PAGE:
When President Clinton selected the site for his presidential library in 1997, the River Market already had opened in the nearby warehouse district. A newly landscaped riverfront, including an amphitheater, accompanied the building, and the Central Arkansas Library System had completed its flagship branch a block away. With construction underway for an expanded Statehouse Convention Center and Alltel Arena, the stage was set for what backers hoped would be a revitalization of the district.
“It would have been a very exciting cultural and entertainment district that would have continued to evolve on its own,” said Jimmy Moses, a developer widely credited for Little Rock’s downtown renaissance. “But the pace was pushed up half a lifetime when the library site was chosen.”
The Clinton Center exponentially accelerated the pace of development around the River Market, leading to an influx of bars, restaurants, hotels and retail that have transformed that area. In less than eight years, real estate values have skyrocketed, old buildings have been restored, and few vestiges of the neighborhood’s former character remain.
“What the Clinton library provided was the anchor,” said Skip Rutherford, president of the Clinton Foundation. “It became the catalyst for development.”
With the transformation of the River Market almost complete, already attention is turning to other downtown areas that could benefit from the opening of the Clinton Center and the resulting infusion of capital.
One obvious starting point is the neighborhood surrounding the Clinton Center. Like the River Market, much of the property in that area is occupied by warehouses, although it is also transversed by railroad tracks, and scattered with small businesses and residences. Heifer International decided to build a new headquarters complex on several acres adjacent to the Clinton Center, a Comfort Inn opened a few blocks away, and Lions World Services for the Blind recently announced plans to move its offices nearby, although it has not yet decided on a specific location.
In an effort to spur further development in that area, the city of Little Rock created a Presidential Park Overlay District following the model of the River Market District. The law sets new zoning and design standards for streets and buildings within the district’s boundaries, which run from Interstate 30 east to Bond Street, and from the Arkansas River south to an axis that starts at Ninth Street on the west side and ends at Sixth Street at the eastern edge.
Downtown advocates floated a proposal to build a new baseball stadium for Little Rock’s minor league team, the Arkansas Travelers, between Fourth and Seventh streets on the east side of I-30. However, the Travelers have accepted an offer from North Little Rock to relocate there. Other ideas for the neighborhood include building a marina on the Arkansas River near the Clinton Center and Heifer Project sites, and developing the highly visible Arkansas Democrat-Gazette property on Fourth Street.
“There has been some discussion about building an office building there sometime,” said Paul Smith, the general manager of the Democrat-Gazette. “Someday we could even have all of our offices there, but we haven’t made any definite decisions.” Smith added that anything they do there would be in addition to their current printing facility, which would remain.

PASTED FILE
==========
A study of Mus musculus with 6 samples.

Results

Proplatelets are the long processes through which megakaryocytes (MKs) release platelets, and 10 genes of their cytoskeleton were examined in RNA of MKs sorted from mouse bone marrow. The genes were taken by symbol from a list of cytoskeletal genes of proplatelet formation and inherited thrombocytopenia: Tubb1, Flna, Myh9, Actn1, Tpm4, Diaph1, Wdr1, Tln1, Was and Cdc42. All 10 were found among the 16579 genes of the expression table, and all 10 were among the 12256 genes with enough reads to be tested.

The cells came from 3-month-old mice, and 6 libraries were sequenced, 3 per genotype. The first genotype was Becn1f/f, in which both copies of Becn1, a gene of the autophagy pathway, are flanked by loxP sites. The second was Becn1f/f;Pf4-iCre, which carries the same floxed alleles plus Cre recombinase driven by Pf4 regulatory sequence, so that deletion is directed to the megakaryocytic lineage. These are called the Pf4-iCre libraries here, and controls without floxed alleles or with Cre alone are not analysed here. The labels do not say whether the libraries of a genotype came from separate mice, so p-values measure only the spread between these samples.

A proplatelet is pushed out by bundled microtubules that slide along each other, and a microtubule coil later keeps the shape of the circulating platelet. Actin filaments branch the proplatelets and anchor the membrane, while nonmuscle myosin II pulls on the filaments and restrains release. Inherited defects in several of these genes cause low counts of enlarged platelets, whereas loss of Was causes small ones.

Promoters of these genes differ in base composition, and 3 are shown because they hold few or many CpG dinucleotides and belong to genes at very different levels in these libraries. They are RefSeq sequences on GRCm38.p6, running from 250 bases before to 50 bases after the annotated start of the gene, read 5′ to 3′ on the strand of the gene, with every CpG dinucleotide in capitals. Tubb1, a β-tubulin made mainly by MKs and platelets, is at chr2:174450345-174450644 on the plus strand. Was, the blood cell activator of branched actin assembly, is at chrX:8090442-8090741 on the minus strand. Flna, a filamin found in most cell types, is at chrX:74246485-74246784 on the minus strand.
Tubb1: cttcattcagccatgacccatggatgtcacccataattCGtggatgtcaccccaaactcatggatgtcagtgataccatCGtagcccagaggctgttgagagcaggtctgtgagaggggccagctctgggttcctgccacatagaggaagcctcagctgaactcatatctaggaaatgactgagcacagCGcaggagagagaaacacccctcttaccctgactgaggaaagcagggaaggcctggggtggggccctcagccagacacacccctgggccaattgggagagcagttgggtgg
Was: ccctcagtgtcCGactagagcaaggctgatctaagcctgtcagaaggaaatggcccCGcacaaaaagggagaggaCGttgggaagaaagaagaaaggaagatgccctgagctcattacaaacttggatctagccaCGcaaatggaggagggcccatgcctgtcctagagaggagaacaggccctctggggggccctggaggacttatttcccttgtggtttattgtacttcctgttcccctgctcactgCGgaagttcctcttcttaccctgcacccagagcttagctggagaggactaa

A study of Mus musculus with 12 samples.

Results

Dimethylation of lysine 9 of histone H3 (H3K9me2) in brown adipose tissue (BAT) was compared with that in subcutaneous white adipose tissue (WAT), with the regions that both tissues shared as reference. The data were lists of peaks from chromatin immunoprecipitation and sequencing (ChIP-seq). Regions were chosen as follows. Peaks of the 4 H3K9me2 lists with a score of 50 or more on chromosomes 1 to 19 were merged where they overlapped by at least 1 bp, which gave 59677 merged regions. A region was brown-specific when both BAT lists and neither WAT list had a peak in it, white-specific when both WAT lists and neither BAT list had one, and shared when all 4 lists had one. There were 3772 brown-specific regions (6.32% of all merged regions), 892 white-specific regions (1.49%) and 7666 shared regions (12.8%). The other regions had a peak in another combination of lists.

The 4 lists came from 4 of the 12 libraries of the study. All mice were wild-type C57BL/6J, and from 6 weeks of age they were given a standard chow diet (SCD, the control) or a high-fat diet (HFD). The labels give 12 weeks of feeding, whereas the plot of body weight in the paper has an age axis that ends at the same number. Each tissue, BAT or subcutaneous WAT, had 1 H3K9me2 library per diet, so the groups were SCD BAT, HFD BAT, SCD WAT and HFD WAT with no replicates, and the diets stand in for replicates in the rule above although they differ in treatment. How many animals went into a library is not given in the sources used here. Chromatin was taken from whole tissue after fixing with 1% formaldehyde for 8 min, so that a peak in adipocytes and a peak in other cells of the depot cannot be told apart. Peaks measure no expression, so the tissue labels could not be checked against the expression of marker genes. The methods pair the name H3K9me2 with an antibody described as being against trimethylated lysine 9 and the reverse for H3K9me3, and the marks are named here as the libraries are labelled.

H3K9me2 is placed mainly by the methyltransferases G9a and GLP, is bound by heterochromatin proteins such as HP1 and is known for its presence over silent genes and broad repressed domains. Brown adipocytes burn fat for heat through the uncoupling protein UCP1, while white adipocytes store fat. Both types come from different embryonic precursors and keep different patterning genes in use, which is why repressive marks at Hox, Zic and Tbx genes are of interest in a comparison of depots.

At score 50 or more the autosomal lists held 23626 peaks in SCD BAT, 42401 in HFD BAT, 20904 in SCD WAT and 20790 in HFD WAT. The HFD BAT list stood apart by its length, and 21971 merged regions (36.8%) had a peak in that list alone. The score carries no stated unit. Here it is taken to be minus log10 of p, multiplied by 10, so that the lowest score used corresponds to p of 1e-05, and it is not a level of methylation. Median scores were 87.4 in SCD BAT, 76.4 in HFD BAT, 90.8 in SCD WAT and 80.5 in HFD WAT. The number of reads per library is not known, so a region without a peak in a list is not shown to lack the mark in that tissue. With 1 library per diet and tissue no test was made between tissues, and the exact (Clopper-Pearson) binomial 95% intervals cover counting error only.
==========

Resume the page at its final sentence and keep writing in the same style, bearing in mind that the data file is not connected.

In the meantime, the increased tourism anticipated after the Clinton Center opens is motivating Little Rock financier Warren Stephens to move forward with a $100 million plan to create a theater and arts district on the other side of the River Market, along Main Street in downtown. Stephens has been quietly assembling real estate within a six-block corridor, and the centerpiece of the project is a proposed new home for the Arkansas Repertory Theatre on property located between Second and Third streets. The Rep has applied to the Donald W. Reynolds Foundation for a $14 million grant that would go a long way toward paying for the $21 million theater design.
David Knight, the chairman of the Rep’s board of directors, said that a decision on the grant is not due until August 2005, but that the Clinton Center opening could make a positive difference.
“I think that when you are talking about downtown renovation, a rising tide lifts all boats,” Knight said. “Downtown restoration in general helps everyone’s chances, and that would include the Clinton library and Heifer Project.”
North Little Rock is also poised to realize benefits from its proximity to the Clinton Center. Besides Alltel Arena and the new ballpark, there is a good chance that a vacant tract of land directly across the river from the Clinton Center will be the site of a major development. With plans in place to convert the Rock Island Railroad bridge into a pedestrian crossing, visitors to the state’s most popular tourist destination could easily find their way to that North Little Rock location.
The new direction of downtown development is not lost on Rutherford, who always has touted the Clinton Center as a boon to the city.
“When we chose our site, we saw an exciting, developing River Market,” he said. “Now we have seen a complete transformation, and we hope to see development going up Main Street and more development east of I-30.”
Before last Friday night, the saddest, most "depressing" Depression-era story I had read was Horace McCoy's "They Shoot Horses, Don't They?" However, after watching The Arkansas Repertory Theatre's opening performance of William Inge's "A Loss of Roses," I can attest that this play is as rough and unflinching as that Depression-era tale, or any other.
Perhaps U.S. Rep. Tim Griffin might want to reconsider his earlier decision not to include Republican Rep. Loy Mauch on the list of Republican candidates he'd asked not to use his campaign contributions, having read some of what they'd written.